Long, long ago in a lifetime far away, I had a lithe, muscular body and endurance like you wouldn’t believe.
I was an athlete.
Which, saying aloud, makes me guffaw. I AM SO NOT AN ATHLETE.
Except that I was. I took classes 5 days a week, every week, with rehearsals starting at least 6 months before our yearly performance. I went to a summer program with a well-known ballet company. Ballet was my life from age 11 through 17.
And now? Ha. Ahaha. AHAHAHAHAHAHAHAHA.
I am definitely not an athlete. Not even a little. Not in the slightest.
For a while, I held on to my hard-earned muscles. I was flexible and strong for a long time.
And for a long time, I didn’t miss it. Ballet is rough. I never had the body for it—I had a big ass LONG before big asses were fashionable (and holy shit thank god for that transition). My body prefers to be a solid size 10/12 no matter what I eat and almost no matter how much I work out, and it weighs way more than it looks like it should. Now, I am pretty damn comfortable with it. My body, and all its lumpiness, is my body. But for years and years and years, I worked hard (and unhealthily) to change my body from what it is.
And, of course, because I do not have a traditional ballet body, I was never going to be a successful ballet dancer. Even if I’d been good enough to ever get out of the corps (and I wasn’t)… my body would have held me back.
And so, for about 15 years, I didn’t miss ballet at all. It was nice not to have people judging my body all the time (out loud, anyway). It was nice to just be a person, whatever size or shape I was. My weight and shape went up predictably after I quit dancing and fell in love a few times, and then bizarrely, my weight and shape went back down a bit after having babies. I learned to love my body while it was at its biggest, and it has since evened out to where it wants to be when I’m maintaining physical and emotional health at the very base level—size 10/12—and I’m good with it. I still have plenty of lumps and bumps, as I always have, plus some newer ones, but I feel mostly fine about it. (That said, I nearly burst into grateful tears upon seeing this image from Universal Standard’s landing page. This model is lumpy like me! CAN WE ALL PLEASE ACKNOWLEDGE THAT BODIES ARE SOMETIMES LUMPY. Thank you. FFS.)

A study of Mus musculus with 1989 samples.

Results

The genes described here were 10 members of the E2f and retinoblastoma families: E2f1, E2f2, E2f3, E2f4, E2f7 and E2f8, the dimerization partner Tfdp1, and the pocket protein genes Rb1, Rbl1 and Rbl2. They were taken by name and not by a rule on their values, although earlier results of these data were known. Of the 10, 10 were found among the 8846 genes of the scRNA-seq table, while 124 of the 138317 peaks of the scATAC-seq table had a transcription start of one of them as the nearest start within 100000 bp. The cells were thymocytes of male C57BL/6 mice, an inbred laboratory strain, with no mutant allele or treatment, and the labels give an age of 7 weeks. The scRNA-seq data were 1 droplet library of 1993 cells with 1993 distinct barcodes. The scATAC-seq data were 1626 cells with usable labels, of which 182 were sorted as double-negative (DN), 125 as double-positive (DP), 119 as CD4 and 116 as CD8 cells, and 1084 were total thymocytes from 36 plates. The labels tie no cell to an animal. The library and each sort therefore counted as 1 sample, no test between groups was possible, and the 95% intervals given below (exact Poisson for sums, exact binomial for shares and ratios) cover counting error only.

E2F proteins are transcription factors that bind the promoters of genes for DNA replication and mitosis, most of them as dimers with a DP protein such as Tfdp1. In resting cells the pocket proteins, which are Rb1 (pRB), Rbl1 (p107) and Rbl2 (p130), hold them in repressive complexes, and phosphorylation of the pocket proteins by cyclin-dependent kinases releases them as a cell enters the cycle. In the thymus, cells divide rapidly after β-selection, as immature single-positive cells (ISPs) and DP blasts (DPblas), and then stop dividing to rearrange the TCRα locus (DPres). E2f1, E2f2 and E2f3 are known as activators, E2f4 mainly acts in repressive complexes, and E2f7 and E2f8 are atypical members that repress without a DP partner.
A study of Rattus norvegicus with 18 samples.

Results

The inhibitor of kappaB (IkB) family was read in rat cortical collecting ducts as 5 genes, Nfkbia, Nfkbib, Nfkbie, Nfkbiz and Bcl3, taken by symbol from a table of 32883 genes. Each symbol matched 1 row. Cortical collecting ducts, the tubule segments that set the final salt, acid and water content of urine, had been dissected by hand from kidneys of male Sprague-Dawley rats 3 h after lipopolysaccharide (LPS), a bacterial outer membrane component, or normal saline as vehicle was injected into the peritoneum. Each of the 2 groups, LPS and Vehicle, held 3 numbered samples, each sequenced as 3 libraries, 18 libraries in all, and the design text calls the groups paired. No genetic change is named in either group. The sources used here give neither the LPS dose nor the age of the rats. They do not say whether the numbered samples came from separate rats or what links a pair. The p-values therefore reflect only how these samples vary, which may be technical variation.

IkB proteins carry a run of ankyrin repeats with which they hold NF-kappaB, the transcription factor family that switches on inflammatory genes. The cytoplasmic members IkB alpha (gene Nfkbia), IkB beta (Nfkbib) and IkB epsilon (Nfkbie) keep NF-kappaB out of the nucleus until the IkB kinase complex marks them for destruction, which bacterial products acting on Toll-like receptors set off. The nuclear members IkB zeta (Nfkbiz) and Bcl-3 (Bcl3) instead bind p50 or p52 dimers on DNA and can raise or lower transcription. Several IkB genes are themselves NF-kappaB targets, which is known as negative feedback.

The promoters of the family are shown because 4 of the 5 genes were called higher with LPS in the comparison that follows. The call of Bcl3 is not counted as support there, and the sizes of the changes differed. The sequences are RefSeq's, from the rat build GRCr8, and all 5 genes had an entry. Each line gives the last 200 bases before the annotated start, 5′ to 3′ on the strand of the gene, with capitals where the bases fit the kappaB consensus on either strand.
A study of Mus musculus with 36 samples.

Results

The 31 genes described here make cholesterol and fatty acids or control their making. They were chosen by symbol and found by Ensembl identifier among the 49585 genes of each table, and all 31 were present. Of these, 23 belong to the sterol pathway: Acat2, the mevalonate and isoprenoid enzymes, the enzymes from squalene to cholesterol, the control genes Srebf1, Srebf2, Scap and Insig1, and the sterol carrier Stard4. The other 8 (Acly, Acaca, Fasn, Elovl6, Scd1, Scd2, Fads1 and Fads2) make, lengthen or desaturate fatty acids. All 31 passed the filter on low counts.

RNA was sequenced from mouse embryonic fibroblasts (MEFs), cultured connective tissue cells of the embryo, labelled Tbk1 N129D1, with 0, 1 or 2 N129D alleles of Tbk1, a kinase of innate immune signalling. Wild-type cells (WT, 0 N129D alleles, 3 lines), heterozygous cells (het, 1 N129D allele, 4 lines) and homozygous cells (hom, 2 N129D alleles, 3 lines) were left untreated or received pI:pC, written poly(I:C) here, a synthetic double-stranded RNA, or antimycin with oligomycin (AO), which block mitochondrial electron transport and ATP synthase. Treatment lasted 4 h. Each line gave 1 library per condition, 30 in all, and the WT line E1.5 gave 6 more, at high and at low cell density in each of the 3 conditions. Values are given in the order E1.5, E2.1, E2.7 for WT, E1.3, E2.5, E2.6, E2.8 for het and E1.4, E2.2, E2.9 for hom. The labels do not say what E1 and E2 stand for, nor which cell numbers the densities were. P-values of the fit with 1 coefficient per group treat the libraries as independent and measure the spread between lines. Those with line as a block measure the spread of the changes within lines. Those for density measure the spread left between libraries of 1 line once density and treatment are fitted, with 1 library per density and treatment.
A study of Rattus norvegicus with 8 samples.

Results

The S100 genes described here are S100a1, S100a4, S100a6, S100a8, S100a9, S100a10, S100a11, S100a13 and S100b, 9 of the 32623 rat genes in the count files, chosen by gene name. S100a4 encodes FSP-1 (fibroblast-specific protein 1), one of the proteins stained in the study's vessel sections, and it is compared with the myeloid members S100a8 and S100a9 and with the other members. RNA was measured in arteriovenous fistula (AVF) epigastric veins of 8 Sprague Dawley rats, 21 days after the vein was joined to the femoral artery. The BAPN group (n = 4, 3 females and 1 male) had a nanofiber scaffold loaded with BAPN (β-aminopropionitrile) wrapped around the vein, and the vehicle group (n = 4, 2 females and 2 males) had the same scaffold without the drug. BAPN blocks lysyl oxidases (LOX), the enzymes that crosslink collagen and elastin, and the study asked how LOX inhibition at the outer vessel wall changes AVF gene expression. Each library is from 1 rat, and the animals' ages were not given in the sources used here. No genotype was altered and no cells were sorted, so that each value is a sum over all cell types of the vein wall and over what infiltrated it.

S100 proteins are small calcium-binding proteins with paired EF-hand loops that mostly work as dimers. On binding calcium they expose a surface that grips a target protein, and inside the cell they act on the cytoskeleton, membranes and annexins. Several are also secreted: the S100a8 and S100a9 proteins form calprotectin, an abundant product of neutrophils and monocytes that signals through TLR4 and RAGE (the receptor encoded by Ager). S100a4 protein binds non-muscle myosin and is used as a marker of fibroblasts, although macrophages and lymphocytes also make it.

But all of a sudden in the past year… I’ve started to miss ballet. Like… a lot.
And I’m not really sure what that’s about.
I’ve written about hating exercise in general (and that’s still pretty solidly the case), but what I do like is moving my body. I like feeling strong. I like feeling like I can lift a couch or dance for 4 hours without being in pain the next day. I miss that. I used to be able to lift all the furniture and dance and dance and dance.
And, for whatever reason, my yoga experience last year just didn’t scratch that itch. It didn’t make me feel strong. It just emphasized that I don’t feel strong. And that made me feel sad.
I’m worried that going back to ballet would do the same thing. I still don’t have a ballet body. I am still lumpy and bumpy with a big ass and a size 10/12. And I can no longer complete a développé wherein my toes are above my head. I’m worried that the combination of ballet body dysmorphia memories plus muscle memory and the failure to be able to complete movements that were once easy for me would send me over the edge. And yet I still yearn for it.
Even though other kinds of exercise make a lot more sense for me now (particularly considering my foot that enjoys spontaneously developing stress fractures), it doesn’t lure me the way ballet does.
Money is keeping me from signing up for classes for now, but I think ballet classes are in my future again. I think I need to get back in touch with my body. Understand how it moves now. Feel the intimacy of strengthening my muscles and increasing my flexibility in time with music. It’s different now, my body. But I need to get to know it as it is now. I need to come back to it, in all its imperfection.
It'll be nice to relearn what it means to be in my body now. To feel what it's like to make this body strong again.